Do you remember what you had for lunch two Wednesdays ago? How about two days ago?
Most likely not.
And that’s why algebra is hard for your child.
The brain is incredibly efficient and throws out what it deems to be useless information. You will no doubt remember a lunch if the server accidentally spills the whole thing in your lap because the brain has several things to attach that memory to. But otherwise, one lunch blends into the next and fades from memory.
When you initially put algebra into your brain, it ranks up there with lunch two weeks ago (without the spill). The brain subconsciously sees no value in it, can’t really attach it to anything significant, and therefore immediately starts throwing it out.
Because algebra builds on itself, if the brain has thrown out previously learned math material, it makes it much more difficult to learn the next concept. Unfortunately, this starts a compounding effect and before long, students find themselves in a bad place with math. Sprinkle in a few negative experiences (like a bad teacher, confusing curriculum, low self-confidence) and math can quickly become a mess.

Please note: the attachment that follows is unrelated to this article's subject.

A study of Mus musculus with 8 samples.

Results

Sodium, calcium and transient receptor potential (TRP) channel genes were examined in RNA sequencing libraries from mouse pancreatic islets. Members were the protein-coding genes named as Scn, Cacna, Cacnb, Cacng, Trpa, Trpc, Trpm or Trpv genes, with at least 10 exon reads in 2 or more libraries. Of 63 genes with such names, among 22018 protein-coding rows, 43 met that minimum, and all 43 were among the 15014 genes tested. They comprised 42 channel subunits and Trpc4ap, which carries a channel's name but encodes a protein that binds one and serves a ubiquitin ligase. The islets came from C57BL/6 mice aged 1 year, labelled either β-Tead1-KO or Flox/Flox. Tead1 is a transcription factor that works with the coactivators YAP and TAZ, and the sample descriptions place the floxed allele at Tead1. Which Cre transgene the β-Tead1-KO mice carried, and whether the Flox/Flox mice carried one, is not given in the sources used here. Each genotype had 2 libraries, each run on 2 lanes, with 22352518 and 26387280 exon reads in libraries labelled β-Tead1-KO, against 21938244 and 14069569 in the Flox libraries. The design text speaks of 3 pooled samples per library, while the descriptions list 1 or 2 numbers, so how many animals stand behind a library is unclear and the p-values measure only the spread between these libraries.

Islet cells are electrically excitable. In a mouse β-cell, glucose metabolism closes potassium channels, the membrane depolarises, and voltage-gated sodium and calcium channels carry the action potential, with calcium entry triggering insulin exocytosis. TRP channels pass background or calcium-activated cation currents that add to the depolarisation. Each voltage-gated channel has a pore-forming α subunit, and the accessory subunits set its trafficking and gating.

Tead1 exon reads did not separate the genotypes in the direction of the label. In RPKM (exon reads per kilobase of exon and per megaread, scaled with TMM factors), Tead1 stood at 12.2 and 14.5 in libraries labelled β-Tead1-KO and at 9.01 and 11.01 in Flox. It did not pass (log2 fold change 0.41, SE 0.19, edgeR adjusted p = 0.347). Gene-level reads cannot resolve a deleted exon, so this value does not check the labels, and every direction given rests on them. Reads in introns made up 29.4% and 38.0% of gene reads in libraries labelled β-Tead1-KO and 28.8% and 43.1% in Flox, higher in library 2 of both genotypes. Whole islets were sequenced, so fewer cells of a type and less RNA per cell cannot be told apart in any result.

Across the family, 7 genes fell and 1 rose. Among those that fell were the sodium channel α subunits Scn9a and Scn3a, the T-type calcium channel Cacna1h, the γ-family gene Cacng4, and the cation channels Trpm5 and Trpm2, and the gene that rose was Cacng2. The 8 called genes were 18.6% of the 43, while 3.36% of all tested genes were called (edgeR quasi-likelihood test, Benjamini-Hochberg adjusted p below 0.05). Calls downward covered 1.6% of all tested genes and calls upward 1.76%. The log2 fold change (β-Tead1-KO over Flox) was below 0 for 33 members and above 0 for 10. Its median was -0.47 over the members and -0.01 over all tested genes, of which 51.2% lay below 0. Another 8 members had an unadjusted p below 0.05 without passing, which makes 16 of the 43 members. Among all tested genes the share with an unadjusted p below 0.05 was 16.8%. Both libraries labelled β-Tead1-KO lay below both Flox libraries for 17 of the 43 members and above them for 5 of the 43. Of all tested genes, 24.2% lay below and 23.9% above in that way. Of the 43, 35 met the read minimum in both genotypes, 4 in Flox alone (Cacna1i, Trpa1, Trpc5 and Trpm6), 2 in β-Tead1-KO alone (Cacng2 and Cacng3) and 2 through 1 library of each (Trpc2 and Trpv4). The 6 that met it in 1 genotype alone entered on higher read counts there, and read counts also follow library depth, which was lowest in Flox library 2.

There is nothing wrong with your child’s intelligence. The bottom line is that the reason algebra is so hard for a lot of kids is because their brain is working exactly the way it should be!
There is hope.
Students need to put into practice some different, brain-friendly learning techniques that help the brain take in new, abstract information. I’ve identified 7 simple skills that are needed to build math success (which I’ve incorporated into my Algebra 1 course). I will also be sharing those skills here over the upcoming weeks.
P.S. Don’t forget to download our free calculator guide to take the guesswork out of when students should be using this tool.